Dennis Hinrichsen


                                             Galveston, oh Galveston
                                             I am so afraid of dying

                                             —O pristine city of the brain // water rising
along the Texas coast // when I am no longer shore enough for you
to keep loving me & I can’t // or won’t // now anger licking clean its 
plate // a name forgotten // wife // daughter // even the beloved dog
who hunkered against my leg for warmth because she was hurt
that time in California when I was young & Erin was cooking & 
Sophie’s feet were sore from all the hiking & so she was rubbing them 
hard // both hands // & we were drinking beers & letting the television 
run // that last place they lived in Oakland I’m pretty sure // West
Street // just down from Montgomery BART // all this remembering
just me exiting right before your eyes // last train // last trick //
a prestige // —O Galveston dear Galveston please grant me one last song
to play until the Southwest is cathedral in my eyes again & my
wife can see // too // what I am dreaming—that day at Chaco // Pueblo
Bonito // when we leaned against the inner walls & let the tourists pass 
like some tech-savvy tribe // tour bus idling // covered w/dust & next
world elsewhere // until they were gone & we were still alive //
inside our bodies // these ruins // & desert wind alone was our music 

[BOX OF LIGHT W/MICHAEL WINTERBOTTOM IN IT] or [limitless icy wastes] 

                              Show rock concert, show sex, show icy wastes of Antarctica. 
                              Repeat eight times. That's essentially the structure of 
                              Michael Winterbottom's 9 Songs, a movie that marks an 
                              important director's attempt to deal with explicit sex.
                                  	“Songs Doesn’t Score,” Roger Ebert

     —won’t see love like this anytime soon // not really backlit but 
still a fin of loveliness there // radio on // high in the dark // soft 
notes // old jazz // but not really listened to // it was concentration //
pooling // we were after // stratas of ice & melting // minimal
—yes—but mouth // monotonous—yes // but tongue // our 
conversation wisps of fingertips & breathing // I’d revealed secrets //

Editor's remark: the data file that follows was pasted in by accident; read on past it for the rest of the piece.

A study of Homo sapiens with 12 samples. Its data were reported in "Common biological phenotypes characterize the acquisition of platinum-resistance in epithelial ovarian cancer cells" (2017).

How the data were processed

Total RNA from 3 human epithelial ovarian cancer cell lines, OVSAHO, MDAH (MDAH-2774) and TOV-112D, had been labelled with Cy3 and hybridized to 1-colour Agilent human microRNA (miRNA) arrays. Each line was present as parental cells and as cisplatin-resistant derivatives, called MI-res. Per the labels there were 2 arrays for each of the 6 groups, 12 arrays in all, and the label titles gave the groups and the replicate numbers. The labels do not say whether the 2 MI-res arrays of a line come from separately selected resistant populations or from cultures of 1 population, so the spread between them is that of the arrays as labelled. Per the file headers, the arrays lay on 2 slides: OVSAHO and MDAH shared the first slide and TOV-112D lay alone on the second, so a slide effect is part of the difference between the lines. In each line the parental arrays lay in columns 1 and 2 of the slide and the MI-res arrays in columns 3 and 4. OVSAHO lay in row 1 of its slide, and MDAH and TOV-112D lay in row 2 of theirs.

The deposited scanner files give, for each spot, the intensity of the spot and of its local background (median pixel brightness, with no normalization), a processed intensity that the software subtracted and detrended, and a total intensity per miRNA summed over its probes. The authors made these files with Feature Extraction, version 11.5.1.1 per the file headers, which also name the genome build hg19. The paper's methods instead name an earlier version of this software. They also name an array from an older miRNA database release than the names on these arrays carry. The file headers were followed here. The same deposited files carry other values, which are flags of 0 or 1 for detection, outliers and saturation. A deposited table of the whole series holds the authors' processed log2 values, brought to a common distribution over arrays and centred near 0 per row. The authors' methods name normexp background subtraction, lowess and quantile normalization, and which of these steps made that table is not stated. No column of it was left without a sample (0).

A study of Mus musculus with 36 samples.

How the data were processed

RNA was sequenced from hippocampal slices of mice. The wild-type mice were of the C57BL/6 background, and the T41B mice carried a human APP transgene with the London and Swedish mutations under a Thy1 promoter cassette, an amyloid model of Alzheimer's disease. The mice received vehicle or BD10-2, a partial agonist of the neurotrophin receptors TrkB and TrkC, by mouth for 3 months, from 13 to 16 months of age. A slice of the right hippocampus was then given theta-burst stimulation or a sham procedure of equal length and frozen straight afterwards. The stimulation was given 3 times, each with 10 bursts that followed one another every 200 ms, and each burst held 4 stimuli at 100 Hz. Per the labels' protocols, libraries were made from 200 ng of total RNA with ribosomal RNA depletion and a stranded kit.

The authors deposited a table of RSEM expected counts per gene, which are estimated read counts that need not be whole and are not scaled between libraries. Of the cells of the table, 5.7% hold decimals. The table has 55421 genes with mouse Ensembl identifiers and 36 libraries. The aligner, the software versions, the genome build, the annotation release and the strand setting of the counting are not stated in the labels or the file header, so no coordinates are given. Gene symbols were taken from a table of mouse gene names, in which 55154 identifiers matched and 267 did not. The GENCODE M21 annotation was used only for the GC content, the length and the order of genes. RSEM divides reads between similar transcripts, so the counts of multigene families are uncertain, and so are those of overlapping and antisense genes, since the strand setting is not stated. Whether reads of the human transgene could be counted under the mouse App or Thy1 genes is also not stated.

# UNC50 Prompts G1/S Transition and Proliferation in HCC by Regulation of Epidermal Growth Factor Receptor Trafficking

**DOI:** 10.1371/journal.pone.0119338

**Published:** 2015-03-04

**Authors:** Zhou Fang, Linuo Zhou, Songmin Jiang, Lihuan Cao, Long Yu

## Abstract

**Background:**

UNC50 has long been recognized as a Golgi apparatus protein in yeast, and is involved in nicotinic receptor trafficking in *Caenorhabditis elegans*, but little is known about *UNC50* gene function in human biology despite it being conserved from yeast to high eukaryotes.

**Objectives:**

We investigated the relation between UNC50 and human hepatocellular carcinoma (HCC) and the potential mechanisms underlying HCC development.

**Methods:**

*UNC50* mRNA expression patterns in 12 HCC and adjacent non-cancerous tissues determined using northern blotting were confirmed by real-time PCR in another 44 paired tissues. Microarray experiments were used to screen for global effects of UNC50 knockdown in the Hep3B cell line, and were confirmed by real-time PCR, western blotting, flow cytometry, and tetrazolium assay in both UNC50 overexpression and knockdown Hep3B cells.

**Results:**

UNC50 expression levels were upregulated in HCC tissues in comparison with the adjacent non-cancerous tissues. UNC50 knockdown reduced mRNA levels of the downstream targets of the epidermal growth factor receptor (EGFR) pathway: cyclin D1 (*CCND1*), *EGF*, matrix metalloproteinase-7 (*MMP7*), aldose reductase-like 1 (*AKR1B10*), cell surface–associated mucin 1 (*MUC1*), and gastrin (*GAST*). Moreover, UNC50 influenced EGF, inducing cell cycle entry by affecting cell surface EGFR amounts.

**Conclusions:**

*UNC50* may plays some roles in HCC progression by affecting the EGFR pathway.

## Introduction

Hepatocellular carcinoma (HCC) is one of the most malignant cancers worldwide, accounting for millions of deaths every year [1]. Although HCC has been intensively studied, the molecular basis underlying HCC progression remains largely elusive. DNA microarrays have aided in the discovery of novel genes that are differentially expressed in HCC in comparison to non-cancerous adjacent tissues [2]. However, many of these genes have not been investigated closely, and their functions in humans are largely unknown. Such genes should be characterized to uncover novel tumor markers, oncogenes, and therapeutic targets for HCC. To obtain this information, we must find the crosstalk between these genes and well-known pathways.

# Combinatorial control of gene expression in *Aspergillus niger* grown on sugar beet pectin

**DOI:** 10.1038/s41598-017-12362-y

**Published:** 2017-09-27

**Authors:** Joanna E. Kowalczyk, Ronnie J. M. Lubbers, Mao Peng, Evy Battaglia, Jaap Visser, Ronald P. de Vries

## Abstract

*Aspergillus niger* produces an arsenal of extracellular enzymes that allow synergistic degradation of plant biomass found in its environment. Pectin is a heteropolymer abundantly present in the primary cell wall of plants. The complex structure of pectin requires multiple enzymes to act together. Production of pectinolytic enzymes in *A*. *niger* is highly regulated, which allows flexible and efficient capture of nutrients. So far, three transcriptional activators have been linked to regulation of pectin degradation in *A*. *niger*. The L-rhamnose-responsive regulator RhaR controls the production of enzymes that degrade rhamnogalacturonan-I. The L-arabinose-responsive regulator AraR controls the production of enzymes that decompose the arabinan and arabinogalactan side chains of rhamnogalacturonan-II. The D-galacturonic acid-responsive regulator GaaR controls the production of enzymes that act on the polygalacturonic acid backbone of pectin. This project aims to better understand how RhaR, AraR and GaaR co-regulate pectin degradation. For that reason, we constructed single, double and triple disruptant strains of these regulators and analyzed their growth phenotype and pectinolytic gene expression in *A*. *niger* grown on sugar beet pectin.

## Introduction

there was a sash // I expected she would not keep them // the 
infinitesimally subtle betrayals happening elsewhere // in rooms less 
white so there was always then // at least // illusions of honesty // in 
another world less Mediterranean with sunlight // —O limitless icy
wastes // you are byproduct now // part memory & dying // little cuts
of time that are me fast forwarding to naked bodies writhing 


                              			—O gon-uh-ree-uh I can spell you now

you are a burn again in a man in England you are so keen
to live as does this newsfeed desiring to be my virus // 
I think both of you infect me now // I have to put my phone
down to cure a little package of time // put my poem
down // but still the idea infects the brain // —O gonorrhea
you hack your self to hack the body // you plagiarize & collage
another bacteria’s resistant codes // you will be Godzilla soon //
you will be MRSA // because that’s the form our savior
takes—a little cleansing first & then a body count // that’s how
my mother counted all the way to 1 // that residual wetness
that was her last living breathing so imbued w/resistance
I barely touched her so afraid of contagion // & then that lizard
face—I thought you were our friend—bending down to melt
all the brittle rods & cones—those dying eyes—w/atomic breath


			—what happened is this // I got old //
I got sentimental // I fell in love with everything //
EXAMPLE—James Booker—the Bayou Maharajah—
that was easy // EXAMPLE—Jerry Lewis—that was hard //
but it was spring & there was big noise in the yard
& so I said yes // many times yes // yes
to that cascade of notes—to Vitalis-slicked hair //
manicured nails // I preferred the chandelier
in the brain but most days I was just a 60 watt bulb
w/face & eyes // if I got my hands on a dog
when I was out for a walk—great—
or heard a red-winged blackbird down by the river
(they are suddenly just here // they weren’t last year)—
or maybe I just watched two or three minutes
of a kid’s first bicycle ride // yeah // that’s what love is //
a tense wobbly ride over busted concrete //
helmet like a piece of outer space // until you crash //
yeah // love crashes // but you get back up //
tighten that strap & power down the sidewalk // streamers
flying // legs churning that impossibly easy gear
twice the speed of the wheels // pedals the color of popsicles

Dennis Hinrichsen's most recent work is This Is Where I Live I Have Nowhere Else To Go, winner of the 2020 Grid Press Poetry Prize. New poems in a number of US print and online journals including The American Journal of Poetry, The Maine Review, Map Literary and Tinderbox Poetry Journal. He lives in Lansing, Michigan.